On the NAACP & boycotts

By Kimberley Lindsay Wilson
web posted August 2, 1999

A few years ago I paid a visit to my grandfather. At first he didn't recognize me. Alzheimer's Disease had robbed him of his memory. After a bit of gentle coaxing he had a sudden but pitifully brief breakthrough. While he still couldn't recall my father -- his first born son -- he did remember me as a baby. I introduced him once again to my husband and we chatted for about ten minutes about the last twenty years of my life. When the visit was over I went to my car, hid my face in my hands and wept.

Lately the NAACP has come to resemble my grandfather in more than a few ways. Both, were once strong and proud and both have been laid low by mysterious internal forces. The NAACP used to be a grand symbol of the best of Black America but as Alzheimer patients sometimes do it seems to have lost its way. The call for a boycott of South Carolina and Charleston in particular is a perfect example. There is a confederate flag flying in the South Carolina State House. It's right next to the State Flag. For this reason the NAACP has decided that black folks shouldn't go to South Carolina. Well now! In case Kweisi Mfume and the rest of the NAACP haven't noticed, its August. This is the month that many black people traditionally take their "let's go home and see the family down South" vacations. Somehow I can't imagine anyone calling up Big Mama or Aunt Pearl to say "Sorry we can't come this summer. The NAACP has declared a boycott."

As for the boycott of Charleston, I wonder if the NAACP knows how many black people in that city depend on tourism for their living? Besides all the folks in the hospitality industry there are the proud Gullah people of the South Carolina Islands. Their remarkable culture is the last link to the folkways of our West African ancestors. Who do you think buys the exquisite sweet grass baskets, and silk floral arrangements that the Gullah make? Tourists! Charleston is a treasure trove of Black history and heritage, something that the NAACP apparently has forgotten.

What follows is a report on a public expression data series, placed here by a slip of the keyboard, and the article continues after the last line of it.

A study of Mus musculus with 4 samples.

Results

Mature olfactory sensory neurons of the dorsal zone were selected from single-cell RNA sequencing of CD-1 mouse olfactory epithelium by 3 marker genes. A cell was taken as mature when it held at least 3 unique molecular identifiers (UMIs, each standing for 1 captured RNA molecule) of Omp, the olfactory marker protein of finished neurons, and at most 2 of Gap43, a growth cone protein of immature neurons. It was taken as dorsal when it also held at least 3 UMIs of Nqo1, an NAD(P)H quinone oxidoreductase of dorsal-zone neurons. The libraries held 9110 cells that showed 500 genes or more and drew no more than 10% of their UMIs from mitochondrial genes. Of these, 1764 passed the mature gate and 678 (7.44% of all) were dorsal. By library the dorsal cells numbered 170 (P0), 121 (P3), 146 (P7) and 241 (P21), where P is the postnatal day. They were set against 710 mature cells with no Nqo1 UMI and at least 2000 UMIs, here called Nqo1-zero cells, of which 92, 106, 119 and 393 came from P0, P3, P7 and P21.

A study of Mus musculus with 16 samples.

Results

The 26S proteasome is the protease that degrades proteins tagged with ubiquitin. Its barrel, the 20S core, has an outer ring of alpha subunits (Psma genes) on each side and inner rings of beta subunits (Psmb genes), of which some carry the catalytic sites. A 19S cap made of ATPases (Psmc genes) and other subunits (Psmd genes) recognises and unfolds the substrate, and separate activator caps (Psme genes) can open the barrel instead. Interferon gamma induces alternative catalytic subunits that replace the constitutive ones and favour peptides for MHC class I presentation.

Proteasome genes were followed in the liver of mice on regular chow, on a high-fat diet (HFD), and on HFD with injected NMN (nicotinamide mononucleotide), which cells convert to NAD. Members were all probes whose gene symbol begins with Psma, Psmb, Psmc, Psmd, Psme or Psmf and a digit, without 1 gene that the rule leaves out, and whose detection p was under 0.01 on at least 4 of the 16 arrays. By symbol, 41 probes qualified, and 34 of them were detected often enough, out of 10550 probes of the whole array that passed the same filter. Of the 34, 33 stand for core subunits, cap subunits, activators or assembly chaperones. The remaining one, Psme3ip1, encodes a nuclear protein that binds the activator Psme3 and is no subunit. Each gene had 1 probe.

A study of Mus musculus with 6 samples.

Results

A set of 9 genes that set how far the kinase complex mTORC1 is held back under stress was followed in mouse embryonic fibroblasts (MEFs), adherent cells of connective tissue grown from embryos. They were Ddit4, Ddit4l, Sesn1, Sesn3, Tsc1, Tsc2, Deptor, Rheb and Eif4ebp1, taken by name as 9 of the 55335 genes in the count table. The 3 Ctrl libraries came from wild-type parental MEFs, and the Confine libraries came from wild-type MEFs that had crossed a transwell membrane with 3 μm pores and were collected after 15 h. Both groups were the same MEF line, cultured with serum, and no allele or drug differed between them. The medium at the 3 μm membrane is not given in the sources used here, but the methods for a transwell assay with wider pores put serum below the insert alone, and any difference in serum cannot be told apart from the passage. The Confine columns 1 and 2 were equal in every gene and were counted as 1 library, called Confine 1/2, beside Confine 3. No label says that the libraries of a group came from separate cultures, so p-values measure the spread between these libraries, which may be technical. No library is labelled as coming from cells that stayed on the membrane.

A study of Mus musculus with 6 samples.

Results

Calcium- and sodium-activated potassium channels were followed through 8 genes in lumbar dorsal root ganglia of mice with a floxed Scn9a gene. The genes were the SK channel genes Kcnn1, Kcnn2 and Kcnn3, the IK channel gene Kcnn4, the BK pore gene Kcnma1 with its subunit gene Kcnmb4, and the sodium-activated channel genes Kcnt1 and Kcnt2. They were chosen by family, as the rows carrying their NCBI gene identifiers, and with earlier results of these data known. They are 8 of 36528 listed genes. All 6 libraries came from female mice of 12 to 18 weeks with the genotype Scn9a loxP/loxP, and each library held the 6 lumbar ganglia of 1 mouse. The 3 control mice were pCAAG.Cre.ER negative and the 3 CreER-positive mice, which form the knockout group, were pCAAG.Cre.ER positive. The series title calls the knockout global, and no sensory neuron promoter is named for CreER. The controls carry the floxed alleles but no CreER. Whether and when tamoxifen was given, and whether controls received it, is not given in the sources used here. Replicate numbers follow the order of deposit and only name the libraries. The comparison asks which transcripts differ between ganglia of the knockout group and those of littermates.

It's been argued that the boycott is important because of the symbolism involved. I'm a little tired of symbolic gestures. They are cheap and easy. Yes, although I was a post Civil Rights Era baby I know what the confederate flag represents. I understand why elder relatives bristle at the sight of it. I certainly wouldn't be sorry to see it banished form the State House but Black America has some very serious non-symbolic problems that should be addressed first. Too many black teenagers are getting pregnant. By doing so they are writing themselves and their offspring a one way ticket to poverty. Overall 70 per cent of our children are born out of wedlock. Despite all the advances of modern medicine we still have a shockingly high infant mortality rate and the black woman has a greater chance of dying in childbirth than white, Asian or Latino women. The leading cause of death for young black males is homicide. Black boys on average don't do as well in school as black girls and many of these boys are not going on to college after high school. Drugs, especially, crack have devastated the inner cities of America. AIDS, a plague straight out of hell has become the leading killer of black people between the ages of 24 and 35. Will boycotting South Carolina do anything about any of these problem? I don't think so.

Cheap, easy gestures won't even begin to make a dent in our problems. The NAACP used to be about grand, important things. It used to be about the advancement of all black people. It was the great champion of Black America. Many of us hoped that with the exit of Benjamin Chavis a new day would dawn for the NAACP but it's beginning to look like an organization that is in the same shape as my grandfather, dearly loved, still respected for the sake of the past but undeniably changed for the worst.

Kimberley Wilson is a conservative writer. Her commentaries have appeared in newspapers around the country. She and her husband live in Virginia where she is currently working on a book. This is her second piece for Enter Stage Right.